Amid much fanfare, a new Swiss law entered into force on August 1, 2014 making it easier for other countries to extract information on tax dodgers. The revised Tax Administrative Assistance Act (TAAA) now permits Swiss banks to respond to a wider range of administrative assistance requests concerning their foreign clients.
Anyone hoping that Switzerland’s law change will automatically lead to the alpine state accepting the notorious stolen HSBC data is mistaken. Group requests in particular will be allowed, as long as they are not based on stolen information.
A requesting country has to demonstrate that any information it wants from Switzerland has ‘foreseeable relevance’ to a criminal investigation into tax dodgers, according to article 26 of Organisation for Economic Co-operation and Development’s Model Tax Convention, of which Switzerland is a signatory.
The TAAC revisions actually change the following:
- It is now possible for countries to make group requests on Switzerland. This could speed up the paperwork process considerably where there is evidence of multiple tax dodgers at a particular bank. and
- It significantly waters down a Swiss law that requires account holders to be informed in advance that their data will be handed over to a third party. This greatly reduces the chance of tax dodgers simply withdrawing their assets and vanishing before they can be prosecuted.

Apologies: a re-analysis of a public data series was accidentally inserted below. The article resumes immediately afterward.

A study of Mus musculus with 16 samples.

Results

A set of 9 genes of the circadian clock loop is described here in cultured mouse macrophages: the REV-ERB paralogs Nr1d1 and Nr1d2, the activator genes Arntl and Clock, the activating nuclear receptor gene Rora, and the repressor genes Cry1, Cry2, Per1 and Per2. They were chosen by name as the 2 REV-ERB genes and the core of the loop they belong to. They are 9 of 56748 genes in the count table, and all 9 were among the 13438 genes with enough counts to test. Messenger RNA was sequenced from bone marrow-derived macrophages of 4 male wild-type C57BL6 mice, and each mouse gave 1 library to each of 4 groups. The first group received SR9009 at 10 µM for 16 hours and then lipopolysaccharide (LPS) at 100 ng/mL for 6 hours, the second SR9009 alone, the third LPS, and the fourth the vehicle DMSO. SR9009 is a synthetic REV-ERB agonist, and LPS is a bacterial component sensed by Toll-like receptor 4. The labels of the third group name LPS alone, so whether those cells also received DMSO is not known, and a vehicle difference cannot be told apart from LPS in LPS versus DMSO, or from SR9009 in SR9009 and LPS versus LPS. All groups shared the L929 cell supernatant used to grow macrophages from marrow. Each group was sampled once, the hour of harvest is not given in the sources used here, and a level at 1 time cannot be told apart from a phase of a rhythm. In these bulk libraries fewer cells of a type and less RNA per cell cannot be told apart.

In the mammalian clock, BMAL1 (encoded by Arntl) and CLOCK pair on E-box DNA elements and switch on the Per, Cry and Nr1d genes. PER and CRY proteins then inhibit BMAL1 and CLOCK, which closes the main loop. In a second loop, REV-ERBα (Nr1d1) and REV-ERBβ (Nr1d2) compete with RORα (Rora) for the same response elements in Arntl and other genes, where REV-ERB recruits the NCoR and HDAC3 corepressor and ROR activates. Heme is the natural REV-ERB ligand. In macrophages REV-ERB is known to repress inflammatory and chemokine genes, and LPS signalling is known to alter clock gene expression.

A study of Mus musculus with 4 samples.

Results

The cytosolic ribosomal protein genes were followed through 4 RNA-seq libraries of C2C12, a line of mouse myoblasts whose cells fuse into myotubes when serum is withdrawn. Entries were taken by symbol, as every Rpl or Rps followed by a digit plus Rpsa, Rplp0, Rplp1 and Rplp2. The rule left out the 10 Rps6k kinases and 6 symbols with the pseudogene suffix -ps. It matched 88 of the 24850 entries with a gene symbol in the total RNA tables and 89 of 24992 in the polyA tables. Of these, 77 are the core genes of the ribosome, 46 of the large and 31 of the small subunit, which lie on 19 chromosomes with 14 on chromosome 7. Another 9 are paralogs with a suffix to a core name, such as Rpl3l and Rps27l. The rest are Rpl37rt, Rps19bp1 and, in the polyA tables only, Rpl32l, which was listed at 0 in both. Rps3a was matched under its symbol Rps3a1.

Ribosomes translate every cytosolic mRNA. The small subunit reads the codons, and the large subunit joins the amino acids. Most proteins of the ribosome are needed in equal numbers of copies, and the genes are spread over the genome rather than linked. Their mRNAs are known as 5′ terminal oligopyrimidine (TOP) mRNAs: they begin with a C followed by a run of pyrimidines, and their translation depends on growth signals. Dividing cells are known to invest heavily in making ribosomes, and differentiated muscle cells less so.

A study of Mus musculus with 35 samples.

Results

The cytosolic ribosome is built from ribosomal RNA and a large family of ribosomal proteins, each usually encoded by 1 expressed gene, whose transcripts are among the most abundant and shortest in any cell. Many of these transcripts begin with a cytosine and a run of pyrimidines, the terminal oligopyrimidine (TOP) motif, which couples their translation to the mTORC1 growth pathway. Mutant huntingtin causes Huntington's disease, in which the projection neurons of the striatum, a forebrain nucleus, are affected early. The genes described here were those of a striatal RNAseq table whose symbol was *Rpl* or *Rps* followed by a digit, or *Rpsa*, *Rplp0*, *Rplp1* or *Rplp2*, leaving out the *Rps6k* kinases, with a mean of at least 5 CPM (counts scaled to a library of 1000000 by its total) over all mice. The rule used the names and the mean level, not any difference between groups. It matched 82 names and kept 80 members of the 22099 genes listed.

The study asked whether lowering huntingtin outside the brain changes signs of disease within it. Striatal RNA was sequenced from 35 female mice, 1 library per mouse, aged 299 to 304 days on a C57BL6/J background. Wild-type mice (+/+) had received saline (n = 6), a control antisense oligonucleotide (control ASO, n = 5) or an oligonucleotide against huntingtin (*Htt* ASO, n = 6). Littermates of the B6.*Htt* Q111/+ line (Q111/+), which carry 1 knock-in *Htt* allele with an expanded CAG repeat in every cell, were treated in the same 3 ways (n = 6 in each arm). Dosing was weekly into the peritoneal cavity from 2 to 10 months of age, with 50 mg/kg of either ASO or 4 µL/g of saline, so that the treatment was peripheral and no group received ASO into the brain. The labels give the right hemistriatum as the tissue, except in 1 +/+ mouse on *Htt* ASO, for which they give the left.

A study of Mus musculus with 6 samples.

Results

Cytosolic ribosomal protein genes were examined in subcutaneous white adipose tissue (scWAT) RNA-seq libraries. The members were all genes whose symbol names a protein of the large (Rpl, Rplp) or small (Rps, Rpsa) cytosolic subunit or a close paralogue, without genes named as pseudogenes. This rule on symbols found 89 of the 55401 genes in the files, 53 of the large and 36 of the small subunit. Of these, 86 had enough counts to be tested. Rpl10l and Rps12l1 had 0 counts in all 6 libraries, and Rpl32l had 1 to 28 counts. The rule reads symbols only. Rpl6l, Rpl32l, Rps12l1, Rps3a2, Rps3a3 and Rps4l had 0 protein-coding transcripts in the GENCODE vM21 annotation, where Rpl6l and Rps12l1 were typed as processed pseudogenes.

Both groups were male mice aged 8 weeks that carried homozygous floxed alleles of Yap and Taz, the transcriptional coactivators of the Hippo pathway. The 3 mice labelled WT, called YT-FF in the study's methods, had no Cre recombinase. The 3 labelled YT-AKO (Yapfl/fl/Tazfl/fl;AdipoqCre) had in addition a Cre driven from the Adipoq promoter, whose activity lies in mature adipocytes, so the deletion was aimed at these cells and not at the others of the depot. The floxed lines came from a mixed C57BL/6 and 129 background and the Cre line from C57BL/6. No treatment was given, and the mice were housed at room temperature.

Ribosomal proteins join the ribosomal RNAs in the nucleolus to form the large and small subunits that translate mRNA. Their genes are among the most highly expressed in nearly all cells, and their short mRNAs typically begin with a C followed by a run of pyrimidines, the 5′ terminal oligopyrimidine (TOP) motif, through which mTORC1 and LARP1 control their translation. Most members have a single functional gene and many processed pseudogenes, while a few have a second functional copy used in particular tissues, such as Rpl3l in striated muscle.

Switzerland did not change its laws for no reason, but was responding to criticism from the Global Forum on Transparency and Exchange of Information for Tax Purposes, a body set up to monitor the crackdown on tax evasion on behalf of the OECD and the G20.
The TAAC revisions should actually be put into the context of a whole series of reforms that Switzerland has been implementing in the last few years. These include:
- Erasing the legal distinction between tax evasion and fraud,
- Loosening the standards of identifying suspected tax cheats and
- Renegotiating dozens of double taxation agreements.
The only real solution, for advocacy groups like Tax Justice Network, is to devise a multilateral system for automatically exchanging tax information. Here too, Switzerland has been making encouraging noises. In October last year, the alpine state signed the OECD/Council of Europe Convention on Mutual Administrative Assistance in Tax Matters, which could allow for the automatic exchange of tax information in certain circumstances.
In May of this year, Switzerland went one stage further by expressly agreeing to take part in automatic information exchange provided that the recently-negotiated global standard governing the system is rubber stamped by all major financial centres. The TAAC revisions that came into force in Switzerland on August 1, 2014, lay the final foundation stones for the possible adoption of automatic information exchange by Switzerland.